Nilanjan Dey

The Nasdaq authorities are of the opinion that the exchange has been the preferred destination for segment leaders because of its liquidity and growth prospects as well as technical edge. Among its benefits is a new pricing plan, which ensures higher liquidity, lower trading costs and equitable treatment to all participants.

KOLKATA, Feb. 25

AT a time when spirits are not particularly high on the Indian stock markets, Nasdaq is busy giving local corporates the example of Starbucks to suggest that there is more to it than just technology companies.

Starbucks, which the US exchange feels is among the world's hottest FMCG outfits, is currently among its favourite illustrations. Reference to it is said to throw up a different image of the exchange whose main index is often branded as "technology-heavy".

"Of course, we have the Microsofts and the Intels of the world. There are also a good number of innovative and high-growth corporations from other sectors. We would like to take in companies with growth possibilities subject to listing conditions and regulatory requirements," said Mr Ghanshyam Dass, Director of Nasdaq for South Asia.

Starbucks, it may be mentioned here, buys and roasts bean coffees and sells them with other beverages chiefly through company-operated retail establishments. It is traded on Nasdaq under the symbol `SBUX'.

The Nasdaq authorities are of the opinion that the exchange has been the preferred destination for segment leaders because of its liquidity and growth prospects as well as technical edge. Among its benefits is a new pricing plan, which ensures higher liquidity, lower trading costs and equitable treatment to all participants.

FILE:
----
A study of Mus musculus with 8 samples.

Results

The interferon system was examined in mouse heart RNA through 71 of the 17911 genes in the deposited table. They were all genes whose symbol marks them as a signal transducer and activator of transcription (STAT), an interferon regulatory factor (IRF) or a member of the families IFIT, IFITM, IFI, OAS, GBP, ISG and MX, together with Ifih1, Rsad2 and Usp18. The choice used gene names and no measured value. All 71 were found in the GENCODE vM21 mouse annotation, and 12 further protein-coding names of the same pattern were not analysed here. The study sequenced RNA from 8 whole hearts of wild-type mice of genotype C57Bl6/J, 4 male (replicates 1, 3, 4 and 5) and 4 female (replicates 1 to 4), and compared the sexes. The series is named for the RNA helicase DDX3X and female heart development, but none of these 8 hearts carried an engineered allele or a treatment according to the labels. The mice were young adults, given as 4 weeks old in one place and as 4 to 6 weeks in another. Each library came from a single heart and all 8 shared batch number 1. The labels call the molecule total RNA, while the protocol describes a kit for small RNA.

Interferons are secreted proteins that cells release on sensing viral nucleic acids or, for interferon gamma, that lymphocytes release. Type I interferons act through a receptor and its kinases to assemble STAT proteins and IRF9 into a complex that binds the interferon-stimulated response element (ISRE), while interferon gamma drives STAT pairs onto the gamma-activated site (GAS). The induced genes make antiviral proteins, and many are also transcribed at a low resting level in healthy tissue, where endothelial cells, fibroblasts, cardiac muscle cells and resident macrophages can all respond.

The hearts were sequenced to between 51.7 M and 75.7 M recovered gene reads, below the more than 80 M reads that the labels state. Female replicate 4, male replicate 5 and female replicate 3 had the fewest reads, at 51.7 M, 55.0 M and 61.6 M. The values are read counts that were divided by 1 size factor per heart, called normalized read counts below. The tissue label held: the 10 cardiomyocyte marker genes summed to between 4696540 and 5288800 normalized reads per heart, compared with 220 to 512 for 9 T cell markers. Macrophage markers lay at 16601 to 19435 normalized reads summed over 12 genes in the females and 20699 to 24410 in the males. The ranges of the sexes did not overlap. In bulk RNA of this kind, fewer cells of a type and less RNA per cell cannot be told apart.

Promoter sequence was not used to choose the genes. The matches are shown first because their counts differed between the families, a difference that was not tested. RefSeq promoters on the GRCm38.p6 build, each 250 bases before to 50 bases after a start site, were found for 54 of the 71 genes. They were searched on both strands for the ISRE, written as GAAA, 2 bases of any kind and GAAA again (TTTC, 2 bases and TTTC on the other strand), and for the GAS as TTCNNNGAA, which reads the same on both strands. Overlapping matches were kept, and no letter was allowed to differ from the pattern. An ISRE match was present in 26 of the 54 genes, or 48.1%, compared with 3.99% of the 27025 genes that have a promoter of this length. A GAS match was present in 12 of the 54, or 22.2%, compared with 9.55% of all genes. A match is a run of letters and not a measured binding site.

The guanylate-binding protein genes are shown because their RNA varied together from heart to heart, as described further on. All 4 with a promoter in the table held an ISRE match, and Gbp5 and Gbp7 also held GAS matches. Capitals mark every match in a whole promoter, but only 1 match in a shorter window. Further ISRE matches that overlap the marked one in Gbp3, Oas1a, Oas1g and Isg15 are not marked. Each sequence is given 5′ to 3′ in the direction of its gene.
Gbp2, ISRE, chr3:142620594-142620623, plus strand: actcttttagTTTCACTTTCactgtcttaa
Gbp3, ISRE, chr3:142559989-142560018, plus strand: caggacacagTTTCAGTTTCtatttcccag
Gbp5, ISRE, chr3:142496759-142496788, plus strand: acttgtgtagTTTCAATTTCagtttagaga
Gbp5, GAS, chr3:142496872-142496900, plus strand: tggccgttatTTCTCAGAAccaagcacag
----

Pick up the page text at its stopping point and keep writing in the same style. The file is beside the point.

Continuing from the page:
The third point, Mr Dass explained, is particularly important in the current context marked as it is by a section of market participants charging fees to access their liquidity while others are not doing so. This renders the market an uneven place to operate in. The pricing plan, however, ensures that there will be a more "balanced and equal" cost structure for all participants.

As for recent listings, more than 50 companies were added in 2001, a figure that does not compare favourably with that in the previous year. Incidentally, the domestic companies listed on it are Infosys, Satyam and Rediff.com. In India, Nasdaq is of the opinion that a number of fundamentally strong companies - about 50 - have the potential to find a berth on the exchange. There is no timeframe for this, it is stated.

"The markets are cyclical everywhere. When they recover, our systems will be ready to react to the comeback," Mr Dass said. Nasdaq, he added, is the only market to operate in three different domains, in the US, Europe and Japan.